The way news moves today (both real and #fakenews) I could write a post a day about how one U.S. company or another screwed up regarding public relations, customer relations, or employee relations. It could be United Airlines – pick one of many reasons – or Pepsi, or Chick-Fil-A. Every day, something.
This is not one of those posts.
I’ve been there on more than one occasion, and I feel for the employees involved. Some are carrying out what they believe to be their duty, and may well be exactly their duty, but the public sees it out of context of the person’s accountabilities. Some are simply not prepared for the situation they are in, but everyone else is prepared with their cameras.
I’ve made some big mistakes both before the age of social media and now in the time where mistakes can become viral. I once led a hiring effort that got labeled as the “hiring lottery” because the local newspaper reporter chose not to confirm details he heard about the process before going to press.
Another time, during that same effort, a candidate called me very upset about the turn-down letter she received. I quickly reviewed the records I had and realized that a batch of potential new hires all received the wrong form letter. We worked over the next several hours to make sure each one was personally contacted, apologized to, and given the offer they had earned.
In the current era, I worked with an IT leader whose team was always working on improving their process. When their eagerness resulted in a large number of employees receiving emails with confidential information – well, it wasn’t pretty. No one was exposed in any terrible way, and the confidentiality breach was not inappropriate, it was just early. But still, a good warning to all involved as to how easily things could go wrong.
I can’t even bring myself to explain the worst one, but suffice it to say I was on the lookout for #gardnerisanass to be trending. I had a great response team who patched it all up before it got out of hand.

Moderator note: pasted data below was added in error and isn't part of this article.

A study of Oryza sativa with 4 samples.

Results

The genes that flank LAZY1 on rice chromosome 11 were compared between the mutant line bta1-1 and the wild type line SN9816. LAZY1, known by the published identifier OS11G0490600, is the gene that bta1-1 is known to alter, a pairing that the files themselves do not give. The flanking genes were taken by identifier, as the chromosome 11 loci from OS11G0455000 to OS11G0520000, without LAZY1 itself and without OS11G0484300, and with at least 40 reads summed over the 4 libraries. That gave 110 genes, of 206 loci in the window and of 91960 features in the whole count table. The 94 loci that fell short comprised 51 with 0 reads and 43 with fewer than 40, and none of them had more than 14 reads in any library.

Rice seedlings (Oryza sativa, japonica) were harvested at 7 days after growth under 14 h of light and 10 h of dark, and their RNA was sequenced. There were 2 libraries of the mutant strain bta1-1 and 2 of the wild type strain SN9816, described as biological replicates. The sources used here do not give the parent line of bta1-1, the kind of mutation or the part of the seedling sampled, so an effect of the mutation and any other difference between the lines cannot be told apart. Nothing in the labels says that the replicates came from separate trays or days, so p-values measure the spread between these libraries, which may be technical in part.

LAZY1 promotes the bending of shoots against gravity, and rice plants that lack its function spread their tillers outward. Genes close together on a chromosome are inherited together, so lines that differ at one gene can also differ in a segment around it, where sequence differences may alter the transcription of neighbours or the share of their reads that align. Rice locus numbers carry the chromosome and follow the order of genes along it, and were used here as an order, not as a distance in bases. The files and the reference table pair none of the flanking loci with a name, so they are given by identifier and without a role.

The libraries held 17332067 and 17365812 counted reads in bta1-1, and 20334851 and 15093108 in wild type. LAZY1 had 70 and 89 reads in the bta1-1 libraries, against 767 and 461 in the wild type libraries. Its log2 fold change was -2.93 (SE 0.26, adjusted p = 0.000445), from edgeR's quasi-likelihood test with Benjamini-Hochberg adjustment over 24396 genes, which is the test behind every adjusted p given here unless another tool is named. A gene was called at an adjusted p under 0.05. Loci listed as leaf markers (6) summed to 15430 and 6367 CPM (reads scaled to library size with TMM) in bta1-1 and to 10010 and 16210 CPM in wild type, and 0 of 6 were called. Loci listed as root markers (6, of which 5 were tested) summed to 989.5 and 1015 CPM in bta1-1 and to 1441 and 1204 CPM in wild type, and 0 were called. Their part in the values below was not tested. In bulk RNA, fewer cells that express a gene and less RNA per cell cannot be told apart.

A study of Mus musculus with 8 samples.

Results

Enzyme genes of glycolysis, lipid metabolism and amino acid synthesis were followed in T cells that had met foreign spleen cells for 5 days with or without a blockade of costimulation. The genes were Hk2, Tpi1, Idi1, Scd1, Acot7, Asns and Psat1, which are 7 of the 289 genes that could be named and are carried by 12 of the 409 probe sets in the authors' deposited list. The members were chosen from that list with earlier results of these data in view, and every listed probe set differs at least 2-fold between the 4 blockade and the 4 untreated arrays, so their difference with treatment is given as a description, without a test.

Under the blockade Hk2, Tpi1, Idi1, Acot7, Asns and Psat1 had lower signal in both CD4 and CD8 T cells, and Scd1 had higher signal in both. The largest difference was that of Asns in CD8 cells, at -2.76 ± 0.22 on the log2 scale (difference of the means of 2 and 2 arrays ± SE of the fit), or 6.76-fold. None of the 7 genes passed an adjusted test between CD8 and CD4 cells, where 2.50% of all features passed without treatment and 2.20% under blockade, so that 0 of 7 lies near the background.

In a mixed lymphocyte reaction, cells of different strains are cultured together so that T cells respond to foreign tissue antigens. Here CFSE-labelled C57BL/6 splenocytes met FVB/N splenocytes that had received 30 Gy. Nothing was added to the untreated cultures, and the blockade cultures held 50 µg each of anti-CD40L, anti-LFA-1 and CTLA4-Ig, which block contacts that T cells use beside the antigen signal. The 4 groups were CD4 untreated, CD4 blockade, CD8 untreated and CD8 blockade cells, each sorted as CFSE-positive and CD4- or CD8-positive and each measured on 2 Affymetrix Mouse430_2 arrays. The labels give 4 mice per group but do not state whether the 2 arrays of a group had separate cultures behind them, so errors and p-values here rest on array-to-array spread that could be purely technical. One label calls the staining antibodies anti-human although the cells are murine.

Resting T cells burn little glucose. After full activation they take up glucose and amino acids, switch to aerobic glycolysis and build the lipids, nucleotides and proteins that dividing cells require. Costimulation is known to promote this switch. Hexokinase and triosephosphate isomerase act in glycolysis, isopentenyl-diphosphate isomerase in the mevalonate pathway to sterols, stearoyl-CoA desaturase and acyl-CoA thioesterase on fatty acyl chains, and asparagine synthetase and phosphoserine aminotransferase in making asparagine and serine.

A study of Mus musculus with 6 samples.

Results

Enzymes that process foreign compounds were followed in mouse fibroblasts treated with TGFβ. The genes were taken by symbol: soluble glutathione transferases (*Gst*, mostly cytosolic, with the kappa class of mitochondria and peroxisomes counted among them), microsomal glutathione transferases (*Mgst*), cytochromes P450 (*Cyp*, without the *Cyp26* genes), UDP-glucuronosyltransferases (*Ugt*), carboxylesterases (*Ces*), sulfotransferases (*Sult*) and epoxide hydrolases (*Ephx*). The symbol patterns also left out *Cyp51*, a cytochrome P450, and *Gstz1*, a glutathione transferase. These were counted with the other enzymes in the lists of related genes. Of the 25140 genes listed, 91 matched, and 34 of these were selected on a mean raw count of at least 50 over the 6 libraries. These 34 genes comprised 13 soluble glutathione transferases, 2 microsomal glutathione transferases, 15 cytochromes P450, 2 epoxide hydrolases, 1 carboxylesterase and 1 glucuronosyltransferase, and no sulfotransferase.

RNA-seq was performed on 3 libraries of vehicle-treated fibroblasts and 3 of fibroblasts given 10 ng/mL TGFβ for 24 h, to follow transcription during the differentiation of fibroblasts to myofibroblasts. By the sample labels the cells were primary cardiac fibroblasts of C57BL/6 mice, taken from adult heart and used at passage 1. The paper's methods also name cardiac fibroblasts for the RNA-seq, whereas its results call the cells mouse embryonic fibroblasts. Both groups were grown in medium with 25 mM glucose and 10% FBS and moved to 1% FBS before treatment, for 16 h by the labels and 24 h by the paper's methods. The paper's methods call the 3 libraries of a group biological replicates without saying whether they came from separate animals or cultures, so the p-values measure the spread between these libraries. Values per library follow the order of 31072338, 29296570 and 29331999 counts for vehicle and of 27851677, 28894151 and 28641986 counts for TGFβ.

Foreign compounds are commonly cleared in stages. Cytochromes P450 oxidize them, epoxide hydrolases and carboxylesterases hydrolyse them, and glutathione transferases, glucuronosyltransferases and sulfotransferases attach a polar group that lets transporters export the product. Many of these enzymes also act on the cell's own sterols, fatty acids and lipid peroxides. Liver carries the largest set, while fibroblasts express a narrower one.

I’m not saying the these recent very public missteps on the part of companies that serve the public in big numbers were excusable. But they are understandable. We are humans. Airline employees work in conditions that I would never want to even consider. Creatives (I think that’s want the ad folks like to be called these days) are sometimes clueless in thinking their artistic process is free of bias, or believe that the purity of the message will win out over any perceived affront.
So if mistakes are a certainty – or at least very likely – you need to be prepared with a plan. Act, don’t re-act. There are three things you need to remember:
- Be good at seeing the mistakes quickly. When someone points it out, don’t get defensive or dismissive. Listen and consider the input.
- Own it. Again, don’t think or say that it could happen to anyone. It’s yours, and you are taking accountability.
- Deconstruct. You can’t plan ahead for every possible outcome, but once the dust settles you can figure out if the same problem can be eliminated from your future. You should also consider regular brainstorming sessions based on others’ mistakes. Could this have happened to us? How can we be sure it won’t?
We make mistakes. Be good at seeing them quickly, admitting that they were a mistake and need attention, and then putting in place a plan to avoid repetition. That’s how you make sure your next mistake – and there will be one – is a newer and better mistake than the last one.